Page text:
Learning to Play

I didn’t know how important golf would become when I learned to play. Through the years it has helped me learn to accept the challenges of cerebral palsy. The game was a passion of my father and like most boys I wanted to do the things he did. Cerebral palsy held me back from participating in all my dad’s activities but I was determined to learn the game of golf. It had some cool elements to it, golf was played outside, the pace was slow and calming, I got 14 clubs to choose from, and I thought golf clubs were cool looking. The different design of each hole was also exciting. Golf is unique because the playing surface changes with the finish of each hole. A golfer never knows what the next challenge will be. So, my dad shortened a couple golf clubs and taught me how to swing. It took patience to learn the entire movements of the golf swing. There were parts of the swing we modified to make it easier, like my left arm bending during the back swing when ideally it would remain straight. The modifications helped get around the stiffness and rigidity of my body. By the end I had a golf swing working with cerebral palsy instead of against it.

In learning the game as a young child my muscle movements could adapt more easily. I was still teaching my body how to move with the help of physical therapy. Learning movements foreign to my rigid body became normal, though cerebral palsy still made it brutally challenging to perform those complex movements. The frustration of learning new things always grows with age, but I’m thankful for working through the challenging process of learning to perform activities like playing golf and skiing while young. I used wiffle golf balls in the yard to practice the golf swing for hours, I would get upset and quit sometimes, but always tried again the next day. Eventually ironing out the beginners kinks of a golf swing. It took extra time to create the swing, which worked for my body, along with the muscle memory I would need to repeat it. I enjoyed golf so much we dug dirt holes in the grass and made imaginary golf holes throughout the yard.

When my brother and I finally got good enough we started playing at a real course. Hitting an actual golf ball was more exciting than the wiffle ones for the yard. We both enjoyed being on the course immediately. Once we experienced it there was no keeping us away from golf. I had a companion to play with and loved being outside on sunny days. The summers of my youth were spent playing golf.

My goal as a child was to become a professional golfer. The problem was with my handicap the goal couldn’t be reached, but I was unaware. The friends I played with growing up began hitting the ball much further than me and I didn’t understand why. From my perspective I thought as I grew maybe my golf shots would begin traveling the same distance as theirs, but cerebral palsy was holding me back. It became sad getting older and realizing the shots I hit only carried half the distance of other guys my age and discouraging to think about an absence of strength holding me back from my dream of professional golf. I even struggled competing with other players recreationally. My brother was good enough to play in high school and college. I envied the physical functionality he had which lead to his vast ability.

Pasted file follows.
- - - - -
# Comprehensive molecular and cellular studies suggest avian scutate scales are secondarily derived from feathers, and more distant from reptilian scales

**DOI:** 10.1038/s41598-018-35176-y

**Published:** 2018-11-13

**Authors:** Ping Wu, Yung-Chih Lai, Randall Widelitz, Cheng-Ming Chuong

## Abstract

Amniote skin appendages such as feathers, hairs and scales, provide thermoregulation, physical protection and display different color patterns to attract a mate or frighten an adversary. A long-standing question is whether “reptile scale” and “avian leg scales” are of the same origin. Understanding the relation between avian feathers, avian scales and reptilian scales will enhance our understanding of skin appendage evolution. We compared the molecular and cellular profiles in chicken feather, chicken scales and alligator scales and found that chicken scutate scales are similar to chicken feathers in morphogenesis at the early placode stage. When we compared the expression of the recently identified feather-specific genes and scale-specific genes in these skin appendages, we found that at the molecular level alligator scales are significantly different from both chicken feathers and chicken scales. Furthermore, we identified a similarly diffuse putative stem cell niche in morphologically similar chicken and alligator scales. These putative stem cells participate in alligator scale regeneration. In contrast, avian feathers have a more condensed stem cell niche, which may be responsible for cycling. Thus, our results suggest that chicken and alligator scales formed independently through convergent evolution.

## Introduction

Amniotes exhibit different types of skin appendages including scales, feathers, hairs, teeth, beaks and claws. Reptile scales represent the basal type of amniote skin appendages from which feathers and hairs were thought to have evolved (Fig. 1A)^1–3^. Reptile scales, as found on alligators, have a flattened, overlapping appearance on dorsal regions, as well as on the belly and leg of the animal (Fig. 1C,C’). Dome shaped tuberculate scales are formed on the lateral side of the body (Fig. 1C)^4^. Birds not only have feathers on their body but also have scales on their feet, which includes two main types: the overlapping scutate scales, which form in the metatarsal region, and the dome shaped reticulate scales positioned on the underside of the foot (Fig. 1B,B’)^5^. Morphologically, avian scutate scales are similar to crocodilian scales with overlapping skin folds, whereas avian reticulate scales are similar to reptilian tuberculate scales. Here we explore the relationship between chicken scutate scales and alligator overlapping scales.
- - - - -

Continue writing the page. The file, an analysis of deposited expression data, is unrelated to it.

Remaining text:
It was a difficult pill to swallow realizing I wouldn’t come close to playing as well as my brother or my friends, but the beauty of golf is, I could still play rounds with them. Even if it took me two shots in order to reach one of theirs it didn’t disturb the game. We still enjoyed paying in each other’s company. I still experience times of frustration when it takes longer getting my golf ball from tee to green and having to hit from the forward teeing area instead of the back teeing area with the big boys. I power through the discouraging emotion because I enjoy the game. Taking the opportunity to play the hole at a shorter distance does increase my enjoyment. I don’t get as frustrated when playing the forward tee, as it allows me to get the ball further down the fairway next to their ball. In my youth I thought playing from the forward tee made me weaker, but the different teeing areas are set up to make the game fair for all. I now realize with cerebral palsy making the game of golf easier can make them more fun. I don’t have to struggle in order to be included.

The game has taught me so much that relates to my challenges with cerebral palsy in life. Most important is the patience required on the golf course and in life. Outside of golf, life is full of the need to move quickly running here and there to get the most out of each day. Cerebral palsy has never allowed me to move through a day quickly. I watch others getting things done with more speed and through frustration with my speed I remind myself to slow down and have patience. Golf requires much of the same mentality. While others hit their shots miles past mine I try calming the frustration and realize my accomplishment lies in simply playing. Carrying these principles into everyday life seems crucial. Most things take longer and are more difficult to accomplish; staying patient, relaxed, and realizing the accomplishment is in the effort given, makes any physical activity easier to navigate.